Alibaba Group's market value swelled by more than US$42 billion (S$58 billion) in one day after the Chinese e-commerce giant predicted that sales could grow as much as 49 per cent this year.
The stunning guidance was delivered from the group's Hangzhou headquarters at its annual investor day on Thursday.
It smashed consensus estimates for 35 per cent revenue growth and upended the notion that growth gets tougher the larger you get.
Investors swung into a buying frenzy. NYSE-listed Alibaba's shares skyrocketed 13.3 per cent during Thursday trading, while group founder Jack Ma's net worth surged US$2.8 billion overnight. The shares continued their rise again yesterday morning.
Mr Ma, 52, is now the richest person in Asia and the 14th wealthiest in the world with a net worth of US$41.8 billion, based on Bloomberg estimates.
At last year's investor day, Alibaba released sales forecasts for the first time, promising a 48 per cent revenue growth. It over-delivered.
No. 1 Alibaba Group founder Jack Ma's ranking among Asia's richest people. His net worth is US$41.8b.
No. 14 Ranking of world's richest people.
In the year ending March 31, it reported a revenue of US$23 billion, a jump of 56 per cent from the year before. If not for the consolidation of Singapore-based Lazada and video site Youku, revenue would have grown 45 per cent.
Analysts attending the investor day were given plenty of grist to go bullish on Alibaba.
The spotlight was shone on its recently launched Brand Databank, a centralised customer data platform that gives brands and merchants feedback on their marketing campaigns and helps them spot trends in consumer behaviour.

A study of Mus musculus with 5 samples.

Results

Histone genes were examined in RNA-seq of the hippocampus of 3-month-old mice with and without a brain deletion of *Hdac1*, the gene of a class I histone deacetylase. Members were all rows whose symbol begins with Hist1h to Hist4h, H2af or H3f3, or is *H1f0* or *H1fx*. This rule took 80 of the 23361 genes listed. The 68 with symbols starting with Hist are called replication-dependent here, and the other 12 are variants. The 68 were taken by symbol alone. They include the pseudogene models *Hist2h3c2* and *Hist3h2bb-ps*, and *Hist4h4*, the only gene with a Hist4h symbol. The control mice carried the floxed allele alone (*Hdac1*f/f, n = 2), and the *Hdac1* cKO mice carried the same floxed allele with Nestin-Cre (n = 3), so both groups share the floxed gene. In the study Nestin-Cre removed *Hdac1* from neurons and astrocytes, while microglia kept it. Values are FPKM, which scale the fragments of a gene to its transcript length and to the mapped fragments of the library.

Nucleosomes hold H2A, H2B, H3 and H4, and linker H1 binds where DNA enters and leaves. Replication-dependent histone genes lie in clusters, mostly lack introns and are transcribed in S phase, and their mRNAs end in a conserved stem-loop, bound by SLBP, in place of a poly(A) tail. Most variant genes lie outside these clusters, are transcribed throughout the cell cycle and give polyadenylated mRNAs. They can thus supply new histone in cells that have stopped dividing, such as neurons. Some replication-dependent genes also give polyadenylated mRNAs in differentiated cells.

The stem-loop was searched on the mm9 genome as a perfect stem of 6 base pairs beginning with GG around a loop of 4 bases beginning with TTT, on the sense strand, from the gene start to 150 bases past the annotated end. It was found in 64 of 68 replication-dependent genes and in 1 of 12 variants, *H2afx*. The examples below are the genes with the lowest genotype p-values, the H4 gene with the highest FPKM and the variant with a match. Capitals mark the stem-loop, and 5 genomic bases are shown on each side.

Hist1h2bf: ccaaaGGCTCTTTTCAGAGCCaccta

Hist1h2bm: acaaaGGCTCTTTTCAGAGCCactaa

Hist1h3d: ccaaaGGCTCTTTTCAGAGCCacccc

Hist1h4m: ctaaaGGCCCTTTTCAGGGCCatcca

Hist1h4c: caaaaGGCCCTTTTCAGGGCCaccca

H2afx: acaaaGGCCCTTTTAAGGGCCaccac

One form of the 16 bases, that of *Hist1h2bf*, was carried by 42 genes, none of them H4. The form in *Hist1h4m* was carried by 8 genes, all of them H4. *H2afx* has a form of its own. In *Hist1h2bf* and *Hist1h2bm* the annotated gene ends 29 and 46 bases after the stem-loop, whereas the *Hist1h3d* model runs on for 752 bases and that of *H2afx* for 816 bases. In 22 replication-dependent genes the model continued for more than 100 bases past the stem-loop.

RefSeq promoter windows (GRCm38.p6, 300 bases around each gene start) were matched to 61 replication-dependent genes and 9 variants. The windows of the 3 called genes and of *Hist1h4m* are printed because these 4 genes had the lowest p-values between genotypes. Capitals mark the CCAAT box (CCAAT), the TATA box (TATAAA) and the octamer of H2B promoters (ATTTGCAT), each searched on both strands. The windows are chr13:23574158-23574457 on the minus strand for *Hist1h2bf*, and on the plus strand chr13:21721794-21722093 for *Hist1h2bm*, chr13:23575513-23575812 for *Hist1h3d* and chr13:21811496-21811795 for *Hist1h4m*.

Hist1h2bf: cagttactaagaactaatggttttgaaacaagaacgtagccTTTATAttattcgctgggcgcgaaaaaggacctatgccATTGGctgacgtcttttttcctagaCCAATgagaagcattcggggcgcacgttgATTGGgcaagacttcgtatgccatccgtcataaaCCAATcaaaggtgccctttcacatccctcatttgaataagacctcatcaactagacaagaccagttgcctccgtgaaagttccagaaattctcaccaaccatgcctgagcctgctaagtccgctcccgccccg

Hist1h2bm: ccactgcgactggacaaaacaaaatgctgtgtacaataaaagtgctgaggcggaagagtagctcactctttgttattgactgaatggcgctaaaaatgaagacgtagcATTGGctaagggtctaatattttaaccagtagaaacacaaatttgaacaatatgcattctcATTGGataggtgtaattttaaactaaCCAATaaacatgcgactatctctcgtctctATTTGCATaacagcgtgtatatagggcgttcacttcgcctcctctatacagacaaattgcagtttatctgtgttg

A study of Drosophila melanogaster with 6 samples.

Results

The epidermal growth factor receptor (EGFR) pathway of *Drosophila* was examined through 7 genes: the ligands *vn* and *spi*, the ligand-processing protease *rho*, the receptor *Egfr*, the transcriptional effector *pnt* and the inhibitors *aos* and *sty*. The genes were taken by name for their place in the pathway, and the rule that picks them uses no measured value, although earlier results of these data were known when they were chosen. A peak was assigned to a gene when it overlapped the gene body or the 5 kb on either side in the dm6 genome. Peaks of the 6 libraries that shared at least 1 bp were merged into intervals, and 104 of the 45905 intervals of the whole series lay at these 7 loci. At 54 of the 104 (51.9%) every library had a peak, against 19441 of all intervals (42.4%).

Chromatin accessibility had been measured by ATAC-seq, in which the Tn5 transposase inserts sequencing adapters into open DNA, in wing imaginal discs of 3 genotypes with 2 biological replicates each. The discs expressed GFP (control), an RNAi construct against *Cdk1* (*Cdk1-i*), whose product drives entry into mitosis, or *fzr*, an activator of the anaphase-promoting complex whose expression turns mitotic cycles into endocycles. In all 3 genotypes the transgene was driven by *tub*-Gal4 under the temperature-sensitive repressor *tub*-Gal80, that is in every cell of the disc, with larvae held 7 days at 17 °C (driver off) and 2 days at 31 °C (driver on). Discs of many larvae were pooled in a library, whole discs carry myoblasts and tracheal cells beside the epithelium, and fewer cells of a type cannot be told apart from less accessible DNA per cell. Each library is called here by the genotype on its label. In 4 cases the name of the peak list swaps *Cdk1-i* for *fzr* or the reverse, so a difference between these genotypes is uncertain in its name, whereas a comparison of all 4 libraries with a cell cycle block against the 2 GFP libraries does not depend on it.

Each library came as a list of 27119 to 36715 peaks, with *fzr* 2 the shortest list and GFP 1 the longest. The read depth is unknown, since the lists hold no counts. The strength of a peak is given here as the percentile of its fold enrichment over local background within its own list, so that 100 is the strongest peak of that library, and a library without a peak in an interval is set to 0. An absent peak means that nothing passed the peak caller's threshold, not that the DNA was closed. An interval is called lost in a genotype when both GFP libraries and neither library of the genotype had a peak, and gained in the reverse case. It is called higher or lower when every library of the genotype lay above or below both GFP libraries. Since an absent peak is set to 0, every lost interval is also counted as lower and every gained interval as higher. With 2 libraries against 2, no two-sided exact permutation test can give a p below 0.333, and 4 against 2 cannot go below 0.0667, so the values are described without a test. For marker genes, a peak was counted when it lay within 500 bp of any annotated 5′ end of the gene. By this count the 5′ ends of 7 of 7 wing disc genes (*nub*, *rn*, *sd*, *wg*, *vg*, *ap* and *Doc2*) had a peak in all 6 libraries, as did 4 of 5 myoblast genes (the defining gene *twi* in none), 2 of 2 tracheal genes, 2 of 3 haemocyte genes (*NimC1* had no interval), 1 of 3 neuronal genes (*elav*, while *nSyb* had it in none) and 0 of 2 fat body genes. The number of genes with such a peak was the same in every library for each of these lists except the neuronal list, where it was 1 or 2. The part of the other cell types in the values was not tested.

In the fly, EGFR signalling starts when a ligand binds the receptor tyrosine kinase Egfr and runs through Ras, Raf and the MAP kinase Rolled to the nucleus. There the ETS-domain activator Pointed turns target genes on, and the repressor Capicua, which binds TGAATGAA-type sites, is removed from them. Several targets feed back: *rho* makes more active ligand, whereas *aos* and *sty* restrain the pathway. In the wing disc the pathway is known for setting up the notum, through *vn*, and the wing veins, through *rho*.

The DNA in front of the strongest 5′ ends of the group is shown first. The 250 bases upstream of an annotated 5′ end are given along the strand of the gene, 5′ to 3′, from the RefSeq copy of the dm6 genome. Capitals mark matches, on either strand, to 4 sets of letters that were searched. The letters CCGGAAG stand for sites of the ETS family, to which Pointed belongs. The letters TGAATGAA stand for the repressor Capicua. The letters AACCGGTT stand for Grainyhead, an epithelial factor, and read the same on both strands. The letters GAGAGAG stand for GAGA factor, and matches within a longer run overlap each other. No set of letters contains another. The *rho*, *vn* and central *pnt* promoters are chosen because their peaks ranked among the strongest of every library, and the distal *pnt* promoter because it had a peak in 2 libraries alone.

"The key is analytics. Alibaba platforms allow the company to know its users and customers inside out, more than other companies. That's what the sellers are willing to pay for," wrote Maybank Kim Eng analyst Mitchell Kim in a note.
Some 10 million small merchants use Alibaba's platforms every day and 75 per cent of Forbes' top 100 global brands now have storefronts, he added.
User engagement on the constantly evolving Taobao social commerce app is also rising. The average user opens the app eight times a day and placed 89 orders in the last fiscal year, Mr Kim said.
But China's e-commerce boom cannot last forever and Alibaba has voiced its ambition of becoming a global business. South-east Asia is set to be the next stage on which the Chinese giant clashes with American rival Amazon, which is expected to enter Singapore this year.
At the end of last month, Amazon made headlines when its shares climbed past the US$1,000 mark. It has a US$483 billion market cap, versus Alibaba's US$360 billion.
At a tech conference in Hong Kong yesterday, billionaire venture capitalist Yuri Milner, an early backer of Alibaba, Facebook and Twitter, said a surge in online consumer spending globally in coming years will create US$4 trillion worth of new Internet companies by the middle of the next decade.
In eight years' time, the rest of the world will match the current online spending trend of China, he added.